Luckiest Girl Alive by Jessica Knoll

 

Luckiest Girl Alive by Jessica Knoll

At a glance, TifAni FaNelli seems to have it all – a very coveted job at a fashion magazine, a figure to die for, accessories that make other women see green and a huge engagement ring from a rich and successful fiancé. She is the epitome of a stylish and successful woman. But her dark past from her days at Bradley School is about to resurface through a documentary and her interview. What would be the reaction of the people currently in her life? Will it jeopardize everything she had worked so hard for or will she emerge only stronger on the other end?

I have to admit that I would not have picked up this book by Jessica Knoll hadn’t there been constant comparison to Gillian Flynn’s books. All the chatter on Goodreads made me curious and I got approved on Netgalley for an ARC. Let me get this point right away – this book is nothing like Gillian Flynn’s books. Just because there are some dark elements in the book, it doesn’t mean that one has to compare it to Gillian Flynn.

The book has a VERY SLOW start and a very shallow one at that. We see TifAni at her best – worrying over what to wear and what to accessorize with. She comes across one of those shallow airheads whose world revolves around the superficial appearances that the fashion magazines, like the one she works for, endorses. It was very hard to not get frustrated with her character and give up on the book after just two-three chapters. It doesn’t end there… the book drags on for more than half of it and I actually put down the book quite a number of times to take a breather (To read other books in between) so that I could continue reading without throwing a tantrum or giving up on the book on the whole. The book does pick up pace towards the end and the author drops in a quite a few twists in there. But for me most of it was quite predictable. I could guess almost everything except one point. And no I will not tell you what it was as that would reveal a huge spoiler for those who have not read it yet.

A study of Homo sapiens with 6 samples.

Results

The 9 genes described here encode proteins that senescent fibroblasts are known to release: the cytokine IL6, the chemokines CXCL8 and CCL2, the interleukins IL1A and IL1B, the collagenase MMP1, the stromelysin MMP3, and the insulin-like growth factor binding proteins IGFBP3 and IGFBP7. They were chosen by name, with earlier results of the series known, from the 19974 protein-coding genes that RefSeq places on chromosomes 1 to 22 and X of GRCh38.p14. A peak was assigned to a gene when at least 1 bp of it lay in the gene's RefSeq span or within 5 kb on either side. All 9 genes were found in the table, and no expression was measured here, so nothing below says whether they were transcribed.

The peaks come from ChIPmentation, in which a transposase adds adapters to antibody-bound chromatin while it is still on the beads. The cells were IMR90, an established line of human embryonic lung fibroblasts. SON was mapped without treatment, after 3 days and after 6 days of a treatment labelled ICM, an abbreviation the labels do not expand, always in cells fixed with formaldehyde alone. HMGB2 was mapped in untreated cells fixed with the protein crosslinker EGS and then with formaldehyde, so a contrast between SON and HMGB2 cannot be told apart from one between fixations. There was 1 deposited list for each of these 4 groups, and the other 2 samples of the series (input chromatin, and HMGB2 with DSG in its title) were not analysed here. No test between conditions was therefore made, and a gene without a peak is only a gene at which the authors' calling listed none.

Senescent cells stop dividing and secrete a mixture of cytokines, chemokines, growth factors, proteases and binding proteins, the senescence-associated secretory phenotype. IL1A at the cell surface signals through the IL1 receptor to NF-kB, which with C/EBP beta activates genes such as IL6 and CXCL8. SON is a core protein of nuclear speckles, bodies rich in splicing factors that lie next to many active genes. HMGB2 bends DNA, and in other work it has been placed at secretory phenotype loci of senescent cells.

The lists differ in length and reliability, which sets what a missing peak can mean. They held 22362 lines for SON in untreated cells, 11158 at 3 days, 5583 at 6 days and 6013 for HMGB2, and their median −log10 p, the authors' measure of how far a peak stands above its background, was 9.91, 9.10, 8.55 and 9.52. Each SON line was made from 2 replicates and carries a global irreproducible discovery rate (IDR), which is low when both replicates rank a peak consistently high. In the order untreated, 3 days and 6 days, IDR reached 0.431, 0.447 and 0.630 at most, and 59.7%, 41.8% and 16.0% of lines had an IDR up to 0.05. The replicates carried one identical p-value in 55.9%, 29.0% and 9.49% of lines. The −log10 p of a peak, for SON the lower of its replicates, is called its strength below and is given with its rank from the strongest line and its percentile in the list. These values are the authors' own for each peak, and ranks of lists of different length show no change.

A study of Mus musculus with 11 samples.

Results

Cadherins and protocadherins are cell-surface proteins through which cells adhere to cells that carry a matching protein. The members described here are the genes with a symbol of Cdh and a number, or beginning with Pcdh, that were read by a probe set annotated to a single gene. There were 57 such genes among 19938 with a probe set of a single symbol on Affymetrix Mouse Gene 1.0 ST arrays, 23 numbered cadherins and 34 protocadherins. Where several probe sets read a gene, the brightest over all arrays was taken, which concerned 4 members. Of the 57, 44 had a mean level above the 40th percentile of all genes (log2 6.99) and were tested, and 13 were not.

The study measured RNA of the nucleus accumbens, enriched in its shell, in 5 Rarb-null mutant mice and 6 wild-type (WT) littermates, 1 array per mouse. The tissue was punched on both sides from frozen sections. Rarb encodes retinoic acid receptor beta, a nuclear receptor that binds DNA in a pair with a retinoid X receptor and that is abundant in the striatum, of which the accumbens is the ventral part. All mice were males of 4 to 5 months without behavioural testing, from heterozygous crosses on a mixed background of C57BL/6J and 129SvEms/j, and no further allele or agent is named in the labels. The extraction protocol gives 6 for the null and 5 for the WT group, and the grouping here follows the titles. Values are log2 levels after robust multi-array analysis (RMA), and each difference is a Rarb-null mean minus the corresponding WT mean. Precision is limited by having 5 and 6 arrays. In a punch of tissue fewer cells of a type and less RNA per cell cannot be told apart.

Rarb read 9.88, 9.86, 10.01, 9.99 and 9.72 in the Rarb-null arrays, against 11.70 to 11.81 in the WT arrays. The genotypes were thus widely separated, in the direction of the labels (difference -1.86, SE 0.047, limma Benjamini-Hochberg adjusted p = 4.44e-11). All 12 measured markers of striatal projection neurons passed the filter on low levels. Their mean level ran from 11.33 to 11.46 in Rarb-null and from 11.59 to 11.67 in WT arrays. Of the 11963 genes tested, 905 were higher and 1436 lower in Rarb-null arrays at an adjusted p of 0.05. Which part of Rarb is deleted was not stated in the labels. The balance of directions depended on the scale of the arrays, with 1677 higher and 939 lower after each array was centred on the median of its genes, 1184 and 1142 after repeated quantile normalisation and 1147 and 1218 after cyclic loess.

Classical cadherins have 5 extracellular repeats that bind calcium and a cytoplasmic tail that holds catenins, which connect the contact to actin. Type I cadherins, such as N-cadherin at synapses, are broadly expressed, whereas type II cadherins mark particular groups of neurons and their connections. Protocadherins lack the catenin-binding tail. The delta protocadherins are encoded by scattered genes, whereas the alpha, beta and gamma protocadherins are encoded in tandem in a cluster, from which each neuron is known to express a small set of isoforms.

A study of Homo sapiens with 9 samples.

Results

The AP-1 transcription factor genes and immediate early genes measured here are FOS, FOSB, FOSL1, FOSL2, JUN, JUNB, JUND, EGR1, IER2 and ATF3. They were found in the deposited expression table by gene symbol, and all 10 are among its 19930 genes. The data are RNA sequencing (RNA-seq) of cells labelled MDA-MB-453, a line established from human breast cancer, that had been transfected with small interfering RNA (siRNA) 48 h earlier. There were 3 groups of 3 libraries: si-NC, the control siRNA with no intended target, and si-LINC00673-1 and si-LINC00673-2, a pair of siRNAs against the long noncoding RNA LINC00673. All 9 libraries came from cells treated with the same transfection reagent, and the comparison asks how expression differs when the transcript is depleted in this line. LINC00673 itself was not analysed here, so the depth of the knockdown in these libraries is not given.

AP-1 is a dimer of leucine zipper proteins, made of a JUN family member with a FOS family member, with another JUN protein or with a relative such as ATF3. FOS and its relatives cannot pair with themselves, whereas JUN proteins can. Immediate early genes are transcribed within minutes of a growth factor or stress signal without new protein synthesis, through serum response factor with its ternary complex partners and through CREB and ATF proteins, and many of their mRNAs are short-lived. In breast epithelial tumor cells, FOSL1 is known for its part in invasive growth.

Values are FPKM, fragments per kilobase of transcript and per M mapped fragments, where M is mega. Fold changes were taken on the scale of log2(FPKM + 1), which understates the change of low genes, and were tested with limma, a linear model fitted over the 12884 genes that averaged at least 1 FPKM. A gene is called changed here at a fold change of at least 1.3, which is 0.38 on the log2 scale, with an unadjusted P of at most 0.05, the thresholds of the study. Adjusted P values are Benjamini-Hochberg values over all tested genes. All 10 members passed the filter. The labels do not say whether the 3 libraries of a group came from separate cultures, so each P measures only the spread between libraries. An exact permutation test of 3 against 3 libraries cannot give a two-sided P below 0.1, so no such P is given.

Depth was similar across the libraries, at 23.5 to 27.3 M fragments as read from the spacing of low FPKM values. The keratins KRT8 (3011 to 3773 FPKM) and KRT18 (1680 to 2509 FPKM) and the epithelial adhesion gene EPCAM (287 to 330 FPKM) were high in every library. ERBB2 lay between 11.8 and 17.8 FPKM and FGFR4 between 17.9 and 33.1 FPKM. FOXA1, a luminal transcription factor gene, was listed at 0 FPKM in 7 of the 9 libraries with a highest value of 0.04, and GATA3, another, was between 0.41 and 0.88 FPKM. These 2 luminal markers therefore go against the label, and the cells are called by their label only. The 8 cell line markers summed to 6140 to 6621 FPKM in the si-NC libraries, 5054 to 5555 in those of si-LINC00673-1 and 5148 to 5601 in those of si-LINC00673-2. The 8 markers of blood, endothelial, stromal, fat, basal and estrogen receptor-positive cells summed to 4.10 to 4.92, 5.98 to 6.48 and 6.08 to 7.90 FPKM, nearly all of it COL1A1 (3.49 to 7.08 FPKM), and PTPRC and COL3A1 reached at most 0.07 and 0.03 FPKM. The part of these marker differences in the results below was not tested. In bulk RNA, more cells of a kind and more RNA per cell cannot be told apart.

TifAni was a difficult protagonist to root for. For the most part I just wanted to shake her till she came out of the superficial world that she had built for herself and thinking that she would totally deserve it if her world came crumbling down when her dark past is revealed. Though she finally somewhat redeems herself, I failed to connect with the protagonist. Club that with the slow pace for major chunk of the book, this was one difficult book to complete. But then again, I guess giving TifAni a different personality would not really suit the plotline either. However, the author has used very simple language that is easy to get into and a very detailed world building style.

Luckiest Girl Alive is one of those books that I would not encourage anyone to read nor would I discourage anyone from picking it up. It is up to you guys to decide if you would like to read this or not.

To buy/rent the book, click here


Born to the City of Joy, Debdatta is a 30-something years young bookworm. She used to work as an HR professional until recently and gave up her job to be able to read and cook more. When she is not reading or talking or blogging about books, she can be found day dreaming about the Beast's (Of Disney's Beauty and the Beast) Library.